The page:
Water tie-in project advances

WELLSBURG – Brooke County commissioners said Tuesday they will move forward with a project involving emergency tie-ins between water lines serving the Hammond Public Service District, Wellsburg and Beech Bottom.

Commission President Tim Ennis confirmed County Prosecutor Joseph Barki III has written to the state Infrastructure Council to confirm the commission’s commitment to the project.

The commissioners were advised recently the county could lose funds from the council if it fails to move forward with it by June. Ennis said plans call for the work to begin in late summer or early fall.

The tie-ins will allow each water provider to tap into another source if their service is disrupted by flooding, line breaks or other emergencies.

The project will involve extending underground lines between Wellsburg and Hammond on state Route 67 and between Hammond and Beech Bottom along state Route 2 near the dog kennels. A tie-in between Wellsburg and Hammond already has been created on state Route 27 at those two parties’ expense.

Officials with the Hammond district, Wellsburg, Beech Bottom, Business Development Corp. and Chesapeake Energy, as well as the county commission and the county’s economic development authority, all have agreed to contribute funds for the estimated $150,000 project.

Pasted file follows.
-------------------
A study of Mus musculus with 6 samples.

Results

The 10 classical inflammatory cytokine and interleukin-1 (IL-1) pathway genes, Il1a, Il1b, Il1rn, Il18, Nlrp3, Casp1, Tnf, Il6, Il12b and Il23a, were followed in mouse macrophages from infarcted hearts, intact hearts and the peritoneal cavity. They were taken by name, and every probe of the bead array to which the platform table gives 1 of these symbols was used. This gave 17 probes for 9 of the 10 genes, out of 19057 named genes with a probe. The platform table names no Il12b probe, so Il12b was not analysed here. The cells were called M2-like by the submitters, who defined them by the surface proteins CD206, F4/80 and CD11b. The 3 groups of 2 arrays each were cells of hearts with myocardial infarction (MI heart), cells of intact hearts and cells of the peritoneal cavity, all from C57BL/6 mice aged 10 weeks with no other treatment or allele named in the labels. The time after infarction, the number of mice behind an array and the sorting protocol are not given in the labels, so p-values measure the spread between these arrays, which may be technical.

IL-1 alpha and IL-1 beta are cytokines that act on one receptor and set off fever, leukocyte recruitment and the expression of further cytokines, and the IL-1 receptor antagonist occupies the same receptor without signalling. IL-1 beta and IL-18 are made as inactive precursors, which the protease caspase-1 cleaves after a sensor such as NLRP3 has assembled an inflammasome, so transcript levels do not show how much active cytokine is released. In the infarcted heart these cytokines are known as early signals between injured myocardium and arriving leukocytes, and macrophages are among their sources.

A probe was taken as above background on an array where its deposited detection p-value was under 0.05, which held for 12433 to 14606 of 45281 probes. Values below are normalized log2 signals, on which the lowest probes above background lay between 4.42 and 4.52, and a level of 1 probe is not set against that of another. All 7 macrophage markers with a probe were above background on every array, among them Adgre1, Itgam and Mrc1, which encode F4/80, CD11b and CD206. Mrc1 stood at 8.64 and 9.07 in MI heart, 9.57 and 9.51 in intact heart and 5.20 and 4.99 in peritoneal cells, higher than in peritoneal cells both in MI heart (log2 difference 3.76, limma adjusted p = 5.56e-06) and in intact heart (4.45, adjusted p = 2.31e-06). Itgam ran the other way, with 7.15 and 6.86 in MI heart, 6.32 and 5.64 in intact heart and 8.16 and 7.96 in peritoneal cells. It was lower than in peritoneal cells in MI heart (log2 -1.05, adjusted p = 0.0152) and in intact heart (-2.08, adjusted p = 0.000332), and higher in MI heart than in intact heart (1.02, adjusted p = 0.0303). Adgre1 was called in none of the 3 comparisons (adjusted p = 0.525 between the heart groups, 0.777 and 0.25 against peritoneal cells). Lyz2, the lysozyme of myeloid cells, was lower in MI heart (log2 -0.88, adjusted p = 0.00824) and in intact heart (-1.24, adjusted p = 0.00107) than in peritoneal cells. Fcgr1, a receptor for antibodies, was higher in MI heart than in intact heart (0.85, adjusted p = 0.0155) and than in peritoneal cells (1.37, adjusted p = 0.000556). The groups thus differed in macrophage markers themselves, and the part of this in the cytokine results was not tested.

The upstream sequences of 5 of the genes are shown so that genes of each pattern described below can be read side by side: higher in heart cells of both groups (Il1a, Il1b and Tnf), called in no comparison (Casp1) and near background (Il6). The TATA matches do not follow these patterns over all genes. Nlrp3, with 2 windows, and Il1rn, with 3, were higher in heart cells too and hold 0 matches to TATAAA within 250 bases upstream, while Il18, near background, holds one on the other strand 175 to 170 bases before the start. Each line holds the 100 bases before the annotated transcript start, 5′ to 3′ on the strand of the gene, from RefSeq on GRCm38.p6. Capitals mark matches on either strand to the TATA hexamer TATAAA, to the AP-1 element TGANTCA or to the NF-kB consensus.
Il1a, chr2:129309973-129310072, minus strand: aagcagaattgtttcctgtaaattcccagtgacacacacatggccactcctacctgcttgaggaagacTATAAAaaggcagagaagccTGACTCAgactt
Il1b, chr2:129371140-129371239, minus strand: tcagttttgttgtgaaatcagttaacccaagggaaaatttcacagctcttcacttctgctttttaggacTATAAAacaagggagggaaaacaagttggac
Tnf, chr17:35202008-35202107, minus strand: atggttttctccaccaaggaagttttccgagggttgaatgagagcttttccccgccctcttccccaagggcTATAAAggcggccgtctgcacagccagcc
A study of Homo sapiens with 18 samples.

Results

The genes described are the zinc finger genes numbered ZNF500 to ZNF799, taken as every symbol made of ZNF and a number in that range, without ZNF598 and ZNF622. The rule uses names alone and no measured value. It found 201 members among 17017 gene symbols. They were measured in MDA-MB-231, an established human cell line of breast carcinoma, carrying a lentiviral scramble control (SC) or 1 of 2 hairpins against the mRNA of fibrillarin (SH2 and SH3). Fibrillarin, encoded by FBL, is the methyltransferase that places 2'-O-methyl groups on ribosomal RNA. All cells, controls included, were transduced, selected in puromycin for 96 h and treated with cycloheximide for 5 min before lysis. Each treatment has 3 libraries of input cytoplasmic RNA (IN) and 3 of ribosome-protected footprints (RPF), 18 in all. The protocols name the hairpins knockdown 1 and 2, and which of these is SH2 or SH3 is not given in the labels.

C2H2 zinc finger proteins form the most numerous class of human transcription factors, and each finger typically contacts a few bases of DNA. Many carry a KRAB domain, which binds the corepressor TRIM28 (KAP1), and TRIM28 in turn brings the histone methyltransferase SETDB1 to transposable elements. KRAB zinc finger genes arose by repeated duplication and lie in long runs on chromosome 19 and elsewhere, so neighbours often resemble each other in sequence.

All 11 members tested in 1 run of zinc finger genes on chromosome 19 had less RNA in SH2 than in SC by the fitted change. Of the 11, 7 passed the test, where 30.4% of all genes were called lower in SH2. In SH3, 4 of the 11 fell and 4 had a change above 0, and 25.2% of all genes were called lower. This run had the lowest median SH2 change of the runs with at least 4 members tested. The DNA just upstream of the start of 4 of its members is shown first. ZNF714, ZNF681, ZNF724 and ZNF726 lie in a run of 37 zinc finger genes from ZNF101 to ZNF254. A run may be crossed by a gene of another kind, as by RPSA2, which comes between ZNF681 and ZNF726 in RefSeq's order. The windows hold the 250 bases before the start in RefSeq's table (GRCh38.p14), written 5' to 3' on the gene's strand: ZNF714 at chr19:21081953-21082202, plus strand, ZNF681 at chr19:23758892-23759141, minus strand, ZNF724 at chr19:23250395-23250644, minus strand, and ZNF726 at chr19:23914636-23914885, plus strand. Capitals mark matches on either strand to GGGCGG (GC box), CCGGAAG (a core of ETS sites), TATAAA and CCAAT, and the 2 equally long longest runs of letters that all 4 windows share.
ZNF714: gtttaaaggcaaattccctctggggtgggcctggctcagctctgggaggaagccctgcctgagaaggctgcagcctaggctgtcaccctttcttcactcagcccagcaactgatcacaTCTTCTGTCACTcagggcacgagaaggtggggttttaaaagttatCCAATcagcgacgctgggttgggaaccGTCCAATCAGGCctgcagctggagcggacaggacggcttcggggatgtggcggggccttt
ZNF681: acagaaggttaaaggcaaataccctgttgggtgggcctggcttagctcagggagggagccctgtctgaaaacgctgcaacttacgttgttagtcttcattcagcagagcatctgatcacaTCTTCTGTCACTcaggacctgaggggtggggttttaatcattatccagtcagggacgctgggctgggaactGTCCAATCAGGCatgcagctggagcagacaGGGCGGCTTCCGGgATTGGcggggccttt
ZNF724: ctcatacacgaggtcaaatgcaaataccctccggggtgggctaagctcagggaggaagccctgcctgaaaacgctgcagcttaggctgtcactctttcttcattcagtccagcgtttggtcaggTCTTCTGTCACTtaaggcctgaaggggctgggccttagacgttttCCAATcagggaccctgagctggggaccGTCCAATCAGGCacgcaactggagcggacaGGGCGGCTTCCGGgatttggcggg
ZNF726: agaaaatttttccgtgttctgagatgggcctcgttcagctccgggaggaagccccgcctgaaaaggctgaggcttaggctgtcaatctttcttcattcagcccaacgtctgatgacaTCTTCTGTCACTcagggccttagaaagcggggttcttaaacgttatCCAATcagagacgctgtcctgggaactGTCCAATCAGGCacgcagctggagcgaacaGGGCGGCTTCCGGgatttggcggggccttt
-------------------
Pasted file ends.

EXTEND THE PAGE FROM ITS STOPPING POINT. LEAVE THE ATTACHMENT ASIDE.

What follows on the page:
In other business, the commission:

Agreed to allocate $30,000 to the Business Development Corp. of the Northern Panhandle, as it has done in recent years. The commissioners noted the money comes from the county’s economic development fund, which was established with in-lieu-of tax payments paid by Pennsylvania Fashions, the first business at the Three Springs Industrial Park and which later became rue21.

Ennis said local funds from the commission and others help the BDC to secure state and federal funds to attract new businesses and support development at the former Wheeling Corrugating Plant in Beech Bottom and other sites.

Agreed to meet with Evelyn Leas outside her mother’s home on Eldersville Road to discuss concerns about an upcoming sewer project by the Brooke County Public Service District.

The district plans to remove pine trees there to accommodate the extension of a sewer line, and she’s concerned because of the slope of the land, that it will cause erosion and damage to her mother’s house.

Leas said a map drawn of the property for the project doesn’t include about 60 trees there and is misleading to state officials who will approve the project.

Brooke PSD board members have said the map does indicate a cluster of trees at the site. Last week they told Leas they also will meet with her at the site with a representative of Thrasher Engineering.

Thrasher is the engineer for the project, which involves extending sewer lines to homes on Eldersville Road and in the Cross Creek area.

The Brooke County PSD is attempting to secure easements from Leas’ mother and others affected by it.